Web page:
Observing US:
A column about America,
by Marylaine Block
originally published by
Fox News Online, 1998-2000

#59.htm, November 2, 1999


by Marylaine Block

According to the latest tally by the Conference Board, consumer confidence has begun to slip, and my editors were wondering whether in the great Midwest, home of millions of fabled "ordinary Americans," we might be somewhat more confident about our economic future. My answer is an unequivocal "yes and no."

Yes, because record numbers of us were sure enough we could meet mortgage payments that we took advantage of low interest rates and bought homes in the last couple of years. Most of the housing starts that have been increasing throughout the 1990's are for spacious expensive homes, twice as big the ones many of us grew up in.

Yes, because looking at wedding announcements in the paper, I notice how many of the happy couples clearly expect to make ends meet even though they have low-end jobs at gas stations and chain stores and temp agencies.

Yes, because there are more jobs available than good people to fill them; the fabled niceness of Iowans is less in evidence in service at our fast food joints these days because minimum wage employers have to take whatever workers they can get. Workers who get bawled out for being late or surly can just walk out and get another job.

Yes, because the internet has led thousands of people (including me) to set up their own businesses on the net. More of us own stocks and have seen the value of our portfolios and pensions climb, or even skyrocket, over the last several years, Even I, for the first time in my life, have come to know the joys of capital gains.

Yes, because we're buying lots more. Most of us can afford some of the luxuries of life -- VCRs, cable TV, flying instead of driving when we visit our families. Many of us are able to take dream vacations, send our kids to college, and buy time-share condominiums down South.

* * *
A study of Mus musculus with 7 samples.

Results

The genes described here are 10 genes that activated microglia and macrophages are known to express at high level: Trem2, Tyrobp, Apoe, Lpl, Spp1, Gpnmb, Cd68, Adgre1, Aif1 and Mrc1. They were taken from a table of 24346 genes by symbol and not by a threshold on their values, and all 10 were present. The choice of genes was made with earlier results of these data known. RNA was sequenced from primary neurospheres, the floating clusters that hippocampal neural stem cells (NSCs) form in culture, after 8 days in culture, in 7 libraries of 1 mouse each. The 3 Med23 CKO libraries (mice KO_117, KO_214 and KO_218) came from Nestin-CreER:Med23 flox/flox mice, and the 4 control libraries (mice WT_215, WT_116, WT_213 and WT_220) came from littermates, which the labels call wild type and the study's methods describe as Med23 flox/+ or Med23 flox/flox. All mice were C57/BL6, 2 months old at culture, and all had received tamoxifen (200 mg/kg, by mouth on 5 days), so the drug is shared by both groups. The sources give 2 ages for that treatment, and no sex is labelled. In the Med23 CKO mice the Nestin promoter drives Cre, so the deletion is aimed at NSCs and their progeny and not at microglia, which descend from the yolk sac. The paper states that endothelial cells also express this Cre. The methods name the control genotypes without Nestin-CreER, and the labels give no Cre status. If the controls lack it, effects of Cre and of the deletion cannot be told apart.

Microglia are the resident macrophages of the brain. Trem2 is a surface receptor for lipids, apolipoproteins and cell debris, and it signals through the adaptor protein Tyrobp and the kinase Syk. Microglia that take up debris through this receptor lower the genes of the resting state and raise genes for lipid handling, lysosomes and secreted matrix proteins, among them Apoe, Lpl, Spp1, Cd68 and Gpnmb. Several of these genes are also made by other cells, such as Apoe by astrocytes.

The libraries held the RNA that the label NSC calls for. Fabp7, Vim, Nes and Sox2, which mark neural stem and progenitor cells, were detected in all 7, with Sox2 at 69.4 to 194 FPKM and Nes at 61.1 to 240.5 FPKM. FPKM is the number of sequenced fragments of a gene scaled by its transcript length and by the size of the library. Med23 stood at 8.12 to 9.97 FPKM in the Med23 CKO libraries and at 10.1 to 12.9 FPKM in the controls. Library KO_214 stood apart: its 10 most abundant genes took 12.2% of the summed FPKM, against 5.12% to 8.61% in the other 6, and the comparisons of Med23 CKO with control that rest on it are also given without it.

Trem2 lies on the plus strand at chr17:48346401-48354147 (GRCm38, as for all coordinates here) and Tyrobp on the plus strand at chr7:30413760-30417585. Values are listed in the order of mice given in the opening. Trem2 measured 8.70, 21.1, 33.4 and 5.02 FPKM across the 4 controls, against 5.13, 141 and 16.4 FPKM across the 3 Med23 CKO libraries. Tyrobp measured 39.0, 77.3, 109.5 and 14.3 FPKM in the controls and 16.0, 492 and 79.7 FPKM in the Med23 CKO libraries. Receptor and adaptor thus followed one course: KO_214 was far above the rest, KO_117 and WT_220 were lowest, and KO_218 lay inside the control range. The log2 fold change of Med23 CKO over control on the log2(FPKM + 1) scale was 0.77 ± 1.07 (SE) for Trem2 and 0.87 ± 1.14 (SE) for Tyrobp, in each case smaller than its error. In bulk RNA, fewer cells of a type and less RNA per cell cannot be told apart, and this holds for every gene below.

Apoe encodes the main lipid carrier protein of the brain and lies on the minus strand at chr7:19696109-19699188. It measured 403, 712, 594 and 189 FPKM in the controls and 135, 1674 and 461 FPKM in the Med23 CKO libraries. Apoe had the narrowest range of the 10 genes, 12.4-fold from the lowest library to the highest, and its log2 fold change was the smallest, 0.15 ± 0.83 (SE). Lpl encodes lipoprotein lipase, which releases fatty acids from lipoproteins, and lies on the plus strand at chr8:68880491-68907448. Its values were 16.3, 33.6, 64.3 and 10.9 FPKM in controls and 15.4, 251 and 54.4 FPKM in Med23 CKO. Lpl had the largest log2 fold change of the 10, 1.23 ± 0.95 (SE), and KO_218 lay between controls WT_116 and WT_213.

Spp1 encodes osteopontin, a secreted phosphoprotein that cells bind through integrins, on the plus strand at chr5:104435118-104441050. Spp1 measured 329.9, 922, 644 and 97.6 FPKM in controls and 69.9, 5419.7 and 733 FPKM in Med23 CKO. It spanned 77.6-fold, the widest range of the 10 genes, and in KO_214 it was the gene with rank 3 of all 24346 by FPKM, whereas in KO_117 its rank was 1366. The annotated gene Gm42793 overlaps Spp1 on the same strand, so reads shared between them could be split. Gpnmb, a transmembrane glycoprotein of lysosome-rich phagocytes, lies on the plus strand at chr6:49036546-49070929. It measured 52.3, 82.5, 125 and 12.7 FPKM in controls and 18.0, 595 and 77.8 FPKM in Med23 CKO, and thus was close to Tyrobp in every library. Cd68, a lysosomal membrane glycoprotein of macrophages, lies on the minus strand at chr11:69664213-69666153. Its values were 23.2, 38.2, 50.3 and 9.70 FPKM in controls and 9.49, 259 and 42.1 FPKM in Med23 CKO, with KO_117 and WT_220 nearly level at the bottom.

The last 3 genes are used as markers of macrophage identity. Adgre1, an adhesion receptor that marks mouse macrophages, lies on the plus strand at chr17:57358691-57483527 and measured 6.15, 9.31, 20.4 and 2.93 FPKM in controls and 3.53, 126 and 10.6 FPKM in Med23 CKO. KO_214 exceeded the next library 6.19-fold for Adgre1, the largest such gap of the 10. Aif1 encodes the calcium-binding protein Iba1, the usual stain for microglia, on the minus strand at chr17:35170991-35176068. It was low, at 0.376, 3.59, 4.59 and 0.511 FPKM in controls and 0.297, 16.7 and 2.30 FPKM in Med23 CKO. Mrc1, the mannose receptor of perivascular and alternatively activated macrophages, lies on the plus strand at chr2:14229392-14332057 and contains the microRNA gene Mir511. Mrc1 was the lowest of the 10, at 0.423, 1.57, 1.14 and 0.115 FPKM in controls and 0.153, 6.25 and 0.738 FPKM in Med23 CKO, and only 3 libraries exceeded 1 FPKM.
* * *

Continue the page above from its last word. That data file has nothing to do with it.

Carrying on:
As for people with technical skills or accounting degrees, they're not just confident, they're downright arrogant. They don't say, "yes, thank you," when offered staggering salaries, they ask why the package doesn't include stock options.

And yet…

No. Because the old concept of getting a job with a good company and staying there forever has gone by the boards. Even in my town, where jobs with Deere or Caterpillar used to mean security for life, the ups and more frequent downs of the farm economy have meant good years punctuated by layoffs, mergers, and plant closings.

No, because the biggest single employer in the country now is Kelly International, the leading supplier of temp workers.

No, because college students don't want to risk taking anything except professional preparation courses that will land them a good job. Seniors are panicky about landing a job with a salary big enough to pay off their crippling load of student loans and credit card debt. Our disposable income may be up, but we're spending even more than we're making, our credit card debt is high, and filings for personal bankruptcy are going through the roof.

No, because many of us don't have health insurance or pensions, and know that retirement or one serious illness could exhaust our pitiful savings and plunge us into poverty.

No, because hardly anybody believes anymore that honest labor will get them all the things they want. For that, they look to state lotteries, Indian casinos, riverboat gambling, and omnipresent slot machines. My state, Iowa, defying its Protestant work ethic roots, now offers more forms of gambling than any other state -- and that's not even counting day-trading.

No, because all these problems exist now when times are good. And most of us have the sense to understand that good times always come to an end.

Robert Samuelson, in The Good Life and Its Discontents, argued that our economy has flourished and given us an unparalleled standard of living, but because our wants are even larger, we are forever doomed to disappointment. That may be as good an explanation as any for why we are doing so well, and yet running so scared.